It’s after 7 p.m. and your partner still isn’t home. He hasn’t called, he hasn’t texted, he hasn’t bothered to do anything to let you know that he’s going to be late for dinner. Again.
You call his phone but he doesn’t answer. In a fit of frustration you fire off an angry text. A few minutes later he replies in kind. The messages increase in intensity and hostility. Suddenly a petty dispute has escalated to an all-out fight.
What’s the problem with carrying on an emotionally-intense exchange via text message? Pretty much everything, say experts who advise couples to forgo text communication in times of heated emotion and instead save serious or potentially explosive conversations for face-to-face interactions.
The study looked at the text patterns of committed couples between the ages of 18 and 25. The men and women that participated in the study also answered questionnaires related to how those patterns did or didn’t affect their relationship satisfaction.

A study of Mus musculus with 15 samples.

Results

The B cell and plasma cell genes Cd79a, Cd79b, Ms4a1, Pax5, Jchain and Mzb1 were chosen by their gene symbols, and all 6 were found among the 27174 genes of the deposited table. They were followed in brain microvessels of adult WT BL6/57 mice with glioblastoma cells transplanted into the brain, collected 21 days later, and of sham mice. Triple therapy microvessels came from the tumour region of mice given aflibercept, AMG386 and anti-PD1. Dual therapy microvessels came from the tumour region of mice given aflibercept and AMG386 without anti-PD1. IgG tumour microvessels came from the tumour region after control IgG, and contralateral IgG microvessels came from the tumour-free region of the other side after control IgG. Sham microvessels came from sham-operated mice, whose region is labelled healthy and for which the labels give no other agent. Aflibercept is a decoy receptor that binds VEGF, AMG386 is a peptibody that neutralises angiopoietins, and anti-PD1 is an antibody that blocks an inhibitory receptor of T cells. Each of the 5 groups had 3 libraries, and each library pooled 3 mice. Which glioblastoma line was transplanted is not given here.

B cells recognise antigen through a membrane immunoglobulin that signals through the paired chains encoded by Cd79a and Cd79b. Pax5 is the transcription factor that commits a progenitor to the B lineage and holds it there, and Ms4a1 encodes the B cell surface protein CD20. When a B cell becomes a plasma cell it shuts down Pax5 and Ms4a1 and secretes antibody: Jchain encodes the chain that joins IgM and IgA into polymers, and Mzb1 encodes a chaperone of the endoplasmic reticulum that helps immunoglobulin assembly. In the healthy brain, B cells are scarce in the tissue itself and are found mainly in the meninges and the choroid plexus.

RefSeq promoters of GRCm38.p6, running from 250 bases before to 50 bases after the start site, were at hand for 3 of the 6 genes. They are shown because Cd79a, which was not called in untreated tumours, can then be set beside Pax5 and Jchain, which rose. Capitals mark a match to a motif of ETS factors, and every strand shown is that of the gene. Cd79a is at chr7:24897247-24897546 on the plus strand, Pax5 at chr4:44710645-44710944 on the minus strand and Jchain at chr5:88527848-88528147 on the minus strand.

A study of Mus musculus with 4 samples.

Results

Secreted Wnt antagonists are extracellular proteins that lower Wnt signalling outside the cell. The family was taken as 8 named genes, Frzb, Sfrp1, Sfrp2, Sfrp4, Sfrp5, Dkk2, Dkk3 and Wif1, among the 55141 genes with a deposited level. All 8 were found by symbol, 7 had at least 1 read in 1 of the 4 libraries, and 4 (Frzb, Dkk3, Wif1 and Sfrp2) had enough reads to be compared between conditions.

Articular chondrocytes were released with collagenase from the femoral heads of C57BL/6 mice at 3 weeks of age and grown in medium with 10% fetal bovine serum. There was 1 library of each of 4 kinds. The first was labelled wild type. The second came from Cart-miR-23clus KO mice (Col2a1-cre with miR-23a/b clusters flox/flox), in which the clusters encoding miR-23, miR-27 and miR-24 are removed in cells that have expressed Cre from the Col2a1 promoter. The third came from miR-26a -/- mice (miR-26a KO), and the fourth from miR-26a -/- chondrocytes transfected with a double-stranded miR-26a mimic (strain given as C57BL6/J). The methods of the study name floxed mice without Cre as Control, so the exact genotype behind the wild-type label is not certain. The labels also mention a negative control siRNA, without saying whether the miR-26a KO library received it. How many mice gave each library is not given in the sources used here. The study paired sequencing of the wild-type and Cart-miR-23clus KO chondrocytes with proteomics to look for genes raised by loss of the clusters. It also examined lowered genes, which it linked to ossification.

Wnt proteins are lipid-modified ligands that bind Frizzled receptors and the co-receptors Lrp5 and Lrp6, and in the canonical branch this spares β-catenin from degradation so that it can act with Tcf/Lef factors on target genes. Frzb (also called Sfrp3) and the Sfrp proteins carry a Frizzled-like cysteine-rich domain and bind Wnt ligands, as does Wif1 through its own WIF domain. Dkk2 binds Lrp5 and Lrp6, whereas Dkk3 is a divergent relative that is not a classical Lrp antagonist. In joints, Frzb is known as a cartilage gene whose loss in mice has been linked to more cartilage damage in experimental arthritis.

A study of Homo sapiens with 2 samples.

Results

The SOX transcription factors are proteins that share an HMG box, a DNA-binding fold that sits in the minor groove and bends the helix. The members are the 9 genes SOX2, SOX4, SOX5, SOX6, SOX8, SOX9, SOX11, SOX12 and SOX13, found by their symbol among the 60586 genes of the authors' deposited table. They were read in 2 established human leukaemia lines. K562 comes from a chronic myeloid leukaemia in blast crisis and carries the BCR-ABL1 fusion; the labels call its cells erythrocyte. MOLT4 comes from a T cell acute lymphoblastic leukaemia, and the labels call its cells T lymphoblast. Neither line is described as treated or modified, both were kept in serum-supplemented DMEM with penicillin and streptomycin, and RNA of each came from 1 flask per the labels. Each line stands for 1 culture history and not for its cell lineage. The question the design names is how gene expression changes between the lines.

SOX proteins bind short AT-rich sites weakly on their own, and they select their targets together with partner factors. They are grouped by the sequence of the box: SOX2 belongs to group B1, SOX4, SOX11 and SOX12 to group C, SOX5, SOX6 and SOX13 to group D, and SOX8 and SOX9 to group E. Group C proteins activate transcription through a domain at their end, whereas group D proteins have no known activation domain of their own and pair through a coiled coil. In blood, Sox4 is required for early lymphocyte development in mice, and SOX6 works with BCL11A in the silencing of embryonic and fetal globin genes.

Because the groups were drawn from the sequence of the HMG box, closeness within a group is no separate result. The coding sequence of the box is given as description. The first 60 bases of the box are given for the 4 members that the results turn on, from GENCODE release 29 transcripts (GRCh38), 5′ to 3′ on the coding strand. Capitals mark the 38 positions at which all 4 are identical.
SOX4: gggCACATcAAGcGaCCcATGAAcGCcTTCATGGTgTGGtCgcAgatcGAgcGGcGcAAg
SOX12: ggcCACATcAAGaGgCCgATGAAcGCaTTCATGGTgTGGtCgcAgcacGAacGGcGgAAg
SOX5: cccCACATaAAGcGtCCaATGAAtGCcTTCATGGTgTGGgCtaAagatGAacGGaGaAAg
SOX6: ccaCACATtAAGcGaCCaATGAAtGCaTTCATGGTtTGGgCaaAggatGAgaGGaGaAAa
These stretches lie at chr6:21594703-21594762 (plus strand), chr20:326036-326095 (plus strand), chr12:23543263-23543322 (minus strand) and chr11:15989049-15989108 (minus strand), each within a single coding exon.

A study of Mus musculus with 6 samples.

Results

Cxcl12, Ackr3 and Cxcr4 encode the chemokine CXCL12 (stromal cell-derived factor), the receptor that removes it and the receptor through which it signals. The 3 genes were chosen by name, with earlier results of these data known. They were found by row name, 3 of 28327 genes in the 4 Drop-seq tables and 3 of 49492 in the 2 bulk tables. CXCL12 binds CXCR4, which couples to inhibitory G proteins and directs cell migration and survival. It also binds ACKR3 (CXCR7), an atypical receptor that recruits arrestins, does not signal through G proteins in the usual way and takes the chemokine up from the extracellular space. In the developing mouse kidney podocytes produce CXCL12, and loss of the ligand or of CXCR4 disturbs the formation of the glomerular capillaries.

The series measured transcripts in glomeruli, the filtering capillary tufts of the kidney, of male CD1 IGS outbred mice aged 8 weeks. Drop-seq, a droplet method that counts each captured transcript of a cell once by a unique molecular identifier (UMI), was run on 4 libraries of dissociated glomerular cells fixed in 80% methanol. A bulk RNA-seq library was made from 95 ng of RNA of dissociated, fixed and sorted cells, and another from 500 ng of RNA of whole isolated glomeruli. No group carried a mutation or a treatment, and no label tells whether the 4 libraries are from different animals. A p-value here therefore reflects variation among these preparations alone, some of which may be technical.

The study revealed that texts that express affection and good feeling have a positive effect on the recipient, making that person feel connected to their partner.
But while a well-chosen emoticon, or direct ‘I love you’ achieves its desired effect, cutting words or attempts to sort out relationship issues appear to achieve negative aims. Reduced relationship satisfaction is associated with this kind of texting.
Part of the problem with sending angry or upset texts is the nature of the medium itself. A simple I love you is easily understood — you don’t need to be in the room or looking at a person to feel its warmth or understand its meaning. But ‘what is your problem?’ or ‘I don’t like how you talk to me’ can come off far more harshly than the sender may intend.
So next time you’re tempted to blast your beloved via text. Keep your cool and holster your smartphone until you see them. Better yet, think twice and send an I love you.
How often do you text with your partner? Tell us in the comment section below.